They don't make teenage comedies like they used to. That being said, "How to Build a Better Boy" is a movie coming out of the Disney Channel, so it's not like we were going to get something as wonderful as "Sixteen Candles" or as fetch as "Mean Girls." That doesn't make it bad; rather, if you're into a tamer version of "Weird Science," then this is the flick for you.
Gabby (China Anne McClain, "A.N.T. Farm") and Mae (Kelli Berglund, "Lab Rats") are best friends and straight-A students. It's them against the world, because they're far more engrossed in learning than the other, more fun things high school has to offer. Or so Gabby thinks. While she's perfectly comfortable with her intelligence and herself, Mae has found something more captivating than her books: cutie-patootie Jaden (Noah Centineo, "Austin & Ally"), whom she happens to tutor. Gabby scoffs at her pal's interest in him, and it soon becomes clear that the issue isn't so much Mae but her insecure BFF (though not to my eight-year-old, who simply thought Gabby was being mean). But you catch my drift.
It all comes to a head when Mae gets bullied by popular girl Nevaeh (Ashley Argota, "The Fosters"). In my day, I would've met a girl like her in the field across from the front of the school (a.k.a. not on school property) and the earrings would be coming off. But this is Disney (and television) so, instead, Gabby offers to use her smarts to make Mae the perfect guy. She uses Mae's dad's (Roger Bart, "Revenge") design software and creates Albert (Marshall Williams, "Canadian Idol"), who is the boy of every girl's -- and probably some guys' -- dreams. Too bad Mae's dad isn't just a brainiac software designer and actually works for a classified military group. So aside from looking gorgeous, saying all the right things, and having the ability to transform a Selena Gomez song into an even catchier tune, Albert is actually a lethal weapon.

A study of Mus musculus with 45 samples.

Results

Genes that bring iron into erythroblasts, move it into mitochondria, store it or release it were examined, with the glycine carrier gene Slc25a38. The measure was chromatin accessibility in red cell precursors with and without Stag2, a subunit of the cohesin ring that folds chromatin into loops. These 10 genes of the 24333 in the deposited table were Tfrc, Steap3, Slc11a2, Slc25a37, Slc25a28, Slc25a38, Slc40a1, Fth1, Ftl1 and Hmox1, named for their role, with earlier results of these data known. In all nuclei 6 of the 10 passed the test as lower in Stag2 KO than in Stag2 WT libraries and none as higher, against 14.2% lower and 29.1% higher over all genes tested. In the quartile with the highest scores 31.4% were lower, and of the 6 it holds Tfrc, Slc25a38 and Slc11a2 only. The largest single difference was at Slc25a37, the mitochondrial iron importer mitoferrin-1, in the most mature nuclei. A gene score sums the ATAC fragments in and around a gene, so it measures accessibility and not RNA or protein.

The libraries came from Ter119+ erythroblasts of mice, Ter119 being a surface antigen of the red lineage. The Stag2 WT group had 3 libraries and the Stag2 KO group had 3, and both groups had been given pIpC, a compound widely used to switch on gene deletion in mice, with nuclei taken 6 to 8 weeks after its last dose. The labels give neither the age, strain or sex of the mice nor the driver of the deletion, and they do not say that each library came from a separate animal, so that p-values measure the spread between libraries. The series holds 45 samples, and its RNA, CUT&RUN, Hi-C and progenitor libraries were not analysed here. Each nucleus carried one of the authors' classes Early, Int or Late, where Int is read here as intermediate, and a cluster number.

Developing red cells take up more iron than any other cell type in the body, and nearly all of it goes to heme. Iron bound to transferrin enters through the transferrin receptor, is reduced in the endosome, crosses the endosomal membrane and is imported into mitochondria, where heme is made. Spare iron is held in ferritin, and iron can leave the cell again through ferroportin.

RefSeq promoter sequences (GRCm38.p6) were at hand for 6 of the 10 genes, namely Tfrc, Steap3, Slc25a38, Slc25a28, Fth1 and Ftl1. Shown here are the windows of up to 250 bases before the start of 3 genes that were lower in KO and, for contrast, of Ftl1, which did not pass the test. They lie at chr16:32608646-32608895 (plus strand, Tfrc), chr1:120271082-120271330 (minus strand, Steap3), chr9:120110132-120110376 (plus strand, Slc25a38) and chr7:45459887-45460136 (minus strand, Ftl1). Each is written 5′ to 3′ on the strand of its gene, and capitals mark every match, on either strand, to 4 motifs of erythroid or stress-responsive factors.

So not only do all the girls want a piece of Albert, but so does the military branch that wants to contain their super-advanced robot soldier and make sure he (it?) doesn't fall into the wrong hands. Gabby, with the help of Mae's brother, Bart (Matt Shively, Jessie), realizes too late that tampering with technology -- and your friend's feelings -- aren't exactly the smartest things a person can do. Ahh, we tend to hurt the people we love the most. We don't mean to but the best intentions are fraught with disappointments. Don't fret, though, it's Disney. Every wrong is eventually righted and good prevails over evil.
I had one qualm about "How to Build a Better Boy" -- but it's a biggie: the nerdification of McClain and Berglund. In these kinds of movies, typical high school playground antics have the nerdy girls pitted against the bitchy cool chick and her clique. McClain and Berglund are gorgeous girls, and there's no hiding it. They're not even socially inept, or have bad skin or frizzy, hopeless hair. Yet because of their dorky (yet cool) glasses and their colourful (yet stylish) clothes, they're considered outcasts, the losers of the school. No. Just ... NO.
Like "She's All That'"s bespectacled, overalls-wearing Laney, who had stunning features that a blind person could see, Gabby and Mae are the whole package -- beautiful, sweet and brilliant. The movie eventually celebrates that, and viewers, though maybe not the youngest ones, will see that right away. But still. If only they could've been more like Ally Sheedy in "The Breakfast Club," or "Mean Girls'" Janis Ian or, heck, even Violet in "The Incredibles," and were perfectly (and ironically) content with being dark and broody. That would've taken this Disney movie up a notch. Sure, viewers don't tune in to family shows and movies for unexpected twists and turns, but that could've been what elevated "How to Build a Better Boy" from decent to perfect.
"How to Build a Better Boy" premieres Friday, August 15 at 8 p.m. ET on Family.